DIABETES AND
OBESITY
Diabetes and Obesity
DIABETES AND
OBESITY
Home Diabetes Diabetes and Obesity

Diabetes and Obesity

What is Obesity?

Obesity, meaning adiposity, is the excessive collection of fatty tissue in the body and weight increase. There are many factors determining obesity, like genetic, environmental factors, socio-economic status, metabolic diseases, medicines. Even if the general trend in patients is to make these factors primarily responsible, the most important reason for obesity is simply taking much more food than necessary.

The intensive tempo of working life at present, with a reduction of time to spend in the kitchen, has added fast and easily preaparable and consumable foods to our lives. These foods much much sugar, fat and high calories, contain little in the way of vegetables and fruits, and particularly comply with the tastes of children and juveniles. When a life away from exercise is adopted, even for the shortest distances vehicles are used, and the time spent in front of computers and TV are added to this, then obesity becomes inevitable.

Diabetes and Obesity

What is the Connection Between Type 2 Diabetes and Obesity?

Obesity is not only an aesthetic problem, but eases the development of many diseases; Type 2 Diabetes, hyper-tension, arteriosclerotic heart diseases, menstrual cycle disturbances, increase in pregnancy complications, gallbladder stones, liver lipidosis, sleep apnea, osteoarthritis, and depression are some of these.

The important measurement to determine obesity is the body fat ratio. This ratio is 20-25% for females and 15-18% for males. But this measurement, even if it should be precise, is difficult to apply. Therefore, the more easily applied Body Mass Index (BMI) is used. The BMI is obtained by the division of the weight with the square of the height. The ideal is 20-25/m2. 25-30kg/m2 is defined as overweighted; 30kg/m2 and more as obese; 30kg/m2 and more as morbid obese.

We have said that body fat increases in obesity. It is also important in which region this fat is distributed. Fatty tissue in the tummy and waist area further increases the diabetes risk. There is a close relation between type 2 diabetes and obesity and 80% of persons with type 2 diabetes are fat. Obesity causes insulin resistance and this allows diabetes development. At the same time, obesity obstructs diabetes treatment and blood sugar control. Blood sugar control is much easer with weightloss and exercise, and the use of oral anti-diabetic medicine doses decrease significantly compared with obese patients.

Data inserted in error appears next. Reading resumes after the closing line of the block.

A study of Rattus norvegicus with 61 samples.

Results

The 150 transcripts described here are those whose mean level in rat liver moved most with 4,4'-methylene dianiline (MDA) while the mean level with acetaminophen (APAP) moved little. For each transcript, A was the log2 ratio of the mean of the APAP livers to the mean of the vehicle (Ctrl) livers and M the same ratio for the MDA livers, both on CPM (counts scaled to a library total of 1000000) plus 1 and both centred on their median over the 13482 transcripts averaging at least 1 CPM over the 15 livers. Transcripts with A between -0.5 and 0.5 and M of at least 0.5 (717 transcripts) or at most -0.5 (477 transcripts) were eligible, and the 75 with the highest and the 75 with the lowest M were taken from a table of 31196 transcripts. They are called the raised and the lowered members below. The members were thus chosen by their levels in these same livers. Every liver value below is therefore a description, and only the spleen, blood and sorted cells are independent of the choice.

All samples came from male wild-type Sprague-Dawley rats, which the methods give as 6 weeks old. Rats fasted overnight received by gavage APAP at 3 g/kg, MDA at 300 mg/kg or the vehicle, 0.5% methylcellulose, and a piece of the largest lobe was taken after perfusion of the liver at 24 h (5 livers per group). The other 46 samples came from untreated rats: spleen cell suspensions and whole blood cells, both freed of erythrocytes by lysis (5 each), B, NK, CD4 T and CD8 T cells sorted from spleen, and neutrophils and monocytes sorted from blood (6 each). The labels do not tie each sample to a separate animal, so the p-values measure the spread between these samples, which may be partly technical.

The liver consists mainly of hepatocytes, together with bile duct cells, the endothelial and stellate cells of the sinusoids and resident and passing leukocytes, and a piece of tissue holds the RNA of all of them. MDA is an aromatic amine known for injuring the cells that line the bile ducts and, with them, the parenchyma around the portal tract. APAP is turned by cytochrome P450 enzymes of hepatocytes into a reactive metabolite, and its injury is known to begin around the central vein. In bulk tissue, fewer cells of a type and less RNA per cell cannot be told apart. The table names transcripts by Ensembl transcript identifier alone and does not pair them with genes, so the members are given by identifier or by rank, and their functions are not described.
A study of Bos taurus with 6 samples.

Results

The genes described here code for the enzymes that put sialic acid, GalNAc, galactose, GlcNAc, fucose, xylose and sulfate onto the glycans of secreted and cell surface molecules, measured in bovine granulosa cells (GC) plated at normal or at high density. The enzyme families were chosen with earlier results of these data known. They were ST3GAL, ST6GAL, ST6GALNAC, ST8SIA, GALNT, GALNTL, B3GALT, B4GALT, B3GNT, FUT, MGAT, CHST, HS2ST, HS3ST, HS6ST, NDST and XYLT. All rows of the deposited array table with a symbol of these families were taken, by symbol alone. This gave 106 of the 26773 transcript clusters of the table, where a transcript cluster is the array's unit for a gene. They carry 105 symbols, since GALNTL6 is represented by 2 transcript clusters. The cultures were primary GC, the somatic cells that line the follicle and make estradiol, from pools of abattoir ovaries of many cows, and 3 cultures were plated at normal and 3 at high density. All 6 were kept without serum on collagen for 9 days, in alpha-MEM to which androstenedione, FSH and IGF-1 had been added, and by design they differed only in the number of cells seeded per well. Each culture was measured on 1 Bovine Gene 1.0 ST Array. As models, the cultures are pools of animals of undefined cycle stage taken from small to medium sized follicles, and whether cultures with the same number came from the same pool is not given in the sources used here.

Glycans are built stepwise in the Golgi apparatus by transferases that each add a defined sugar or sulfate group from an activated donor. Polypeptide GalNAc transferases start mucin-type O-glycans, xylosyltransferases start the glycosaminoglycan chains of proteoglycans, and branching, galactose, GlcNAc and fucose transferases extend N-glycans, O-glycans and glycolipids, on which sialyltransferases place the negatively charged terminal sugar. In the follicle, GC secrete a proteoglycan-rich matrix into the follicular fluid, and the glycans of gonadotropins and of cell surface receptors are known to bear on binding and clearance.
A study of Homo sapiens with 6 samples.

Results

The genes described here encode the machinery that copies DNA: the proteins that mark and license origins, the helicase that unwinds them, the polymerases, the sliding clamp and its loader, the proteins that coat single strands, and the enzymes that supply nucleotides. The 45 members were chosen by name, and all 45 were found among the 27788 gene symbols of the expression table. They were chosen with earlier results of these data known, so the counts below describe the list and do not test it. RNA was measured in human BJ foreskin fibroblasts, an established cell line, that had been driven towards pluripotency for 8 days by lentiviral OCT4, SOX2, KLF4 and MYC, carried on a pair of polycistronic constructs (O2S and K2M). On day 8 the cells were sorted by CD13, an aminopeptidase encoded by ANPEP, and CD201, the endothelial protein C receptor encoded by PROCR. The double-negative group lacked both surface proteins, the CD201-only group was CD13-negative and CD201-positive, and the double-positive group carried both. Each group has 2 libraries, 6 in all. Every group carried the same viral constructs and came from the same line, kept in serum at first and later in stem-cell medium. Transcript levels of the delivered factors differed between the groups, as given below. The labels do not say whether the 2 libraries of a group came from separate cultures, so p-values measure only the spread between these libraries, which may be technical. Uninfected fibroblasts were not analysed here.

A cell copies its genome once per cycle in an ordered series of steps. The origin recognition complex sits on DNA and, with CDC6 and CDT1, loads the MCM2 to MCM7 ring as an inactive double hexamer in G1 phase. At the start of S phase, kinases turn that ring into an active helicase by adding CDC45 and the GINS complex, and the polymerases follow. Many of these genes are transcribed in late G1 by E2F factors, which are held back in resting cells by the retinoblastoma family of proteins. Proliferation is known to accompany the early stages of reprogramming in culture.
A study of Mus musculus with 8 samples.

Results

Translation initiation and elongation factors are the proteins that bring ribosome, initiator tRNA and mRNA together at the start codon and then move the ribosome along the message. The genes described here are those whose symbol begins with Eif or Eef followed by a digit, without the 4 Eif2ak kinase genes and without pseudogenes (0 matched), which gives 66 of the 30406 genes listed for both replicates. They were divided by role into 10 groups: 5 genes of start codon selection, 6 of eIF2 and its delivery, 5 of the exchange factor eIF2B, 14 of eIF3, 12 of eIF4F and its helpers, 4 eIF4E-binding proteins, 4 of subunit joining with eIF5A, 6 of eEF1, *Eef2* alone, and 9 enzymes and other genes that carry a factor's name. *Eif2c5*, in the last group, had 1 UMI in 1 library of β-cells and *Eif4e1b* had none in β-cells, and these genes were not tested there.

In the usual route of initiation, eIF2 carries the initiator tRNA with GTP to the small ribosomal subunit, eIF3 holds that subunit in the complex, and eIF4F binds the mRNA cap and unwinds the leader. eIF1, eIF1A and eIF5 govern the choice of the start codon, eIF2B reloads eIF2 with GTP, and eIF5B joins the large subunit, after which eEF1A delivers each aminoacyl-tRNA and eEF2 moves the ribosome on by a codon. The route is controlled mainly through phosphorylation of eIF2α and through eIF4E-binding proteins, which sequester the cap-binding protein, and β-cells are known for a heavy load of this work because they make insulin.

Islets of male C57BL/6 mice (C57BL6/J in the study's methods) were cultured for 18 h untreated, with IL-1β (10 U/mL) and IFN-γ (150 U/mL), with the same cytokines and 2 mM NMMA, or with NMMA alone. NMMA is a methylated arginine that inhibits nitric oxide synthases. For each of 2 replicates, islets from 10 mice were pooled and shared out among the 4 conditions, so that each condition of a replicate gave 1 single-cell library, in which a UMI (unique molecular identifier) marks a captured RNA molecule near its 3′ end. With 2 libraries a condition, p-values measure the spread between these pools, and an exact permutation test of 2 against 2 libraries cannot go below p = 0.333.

Considering this close relation between diabetes and obesity, it is obvious that good results can be had if preventative measures are taken early. Studies performed in recent years have revealed that life style changes can prevent the conversion of Impaired Glucose Tolerance (IGT) into Type 2 Diabetes. For example, in the Finnish Diabetes Prevention Study, weightloss, diet with high fibre and low fat and increased exercise have decreased the development of Type 2 Diabetes in overweight persons with Impaired Glucose Tolerance by 58%.

When we consider obesity as a chronic disease, like diabetes and hyper tension, it hase difficult and long-term treatment. Before obesity treatment becomes necessary, treatment which has many components such as exercises, low calorie diets and phychological support, it is much more important to prevent the development of obesity in the first place. Therefore it should not be forgotten that this is an issue to be dealt with at an early age. Thoughtless behaviour in supplying nutrition to children prepares the basics for obesity, since the increase of fatty cells and the adipose tissue mass during childhood are obesity preparers. This adipose tissue mass in obese persons is 5 fold more than in normal persons. And, as is now known, diets do not reduce the number of fatty cells, just their size.

Diabetes and Obesity

Relationship Between Nutritional Habits and Obesity

Poor nutritional habits and immobile life styles indicate that obesity will appear with increasing frequency in coming years. One good thing is that whilst fatness was in the past considered an indicator for being healthy, now it is seen as a serious health problem. Through the attention given this topic and better education people are slowly realising that fat may cover a thousand faults, and may be accompanied by many diseases. The development of some diseases, with diabetes in the lead, can be prevented or retarded with proper health management, and their treatment might be easier.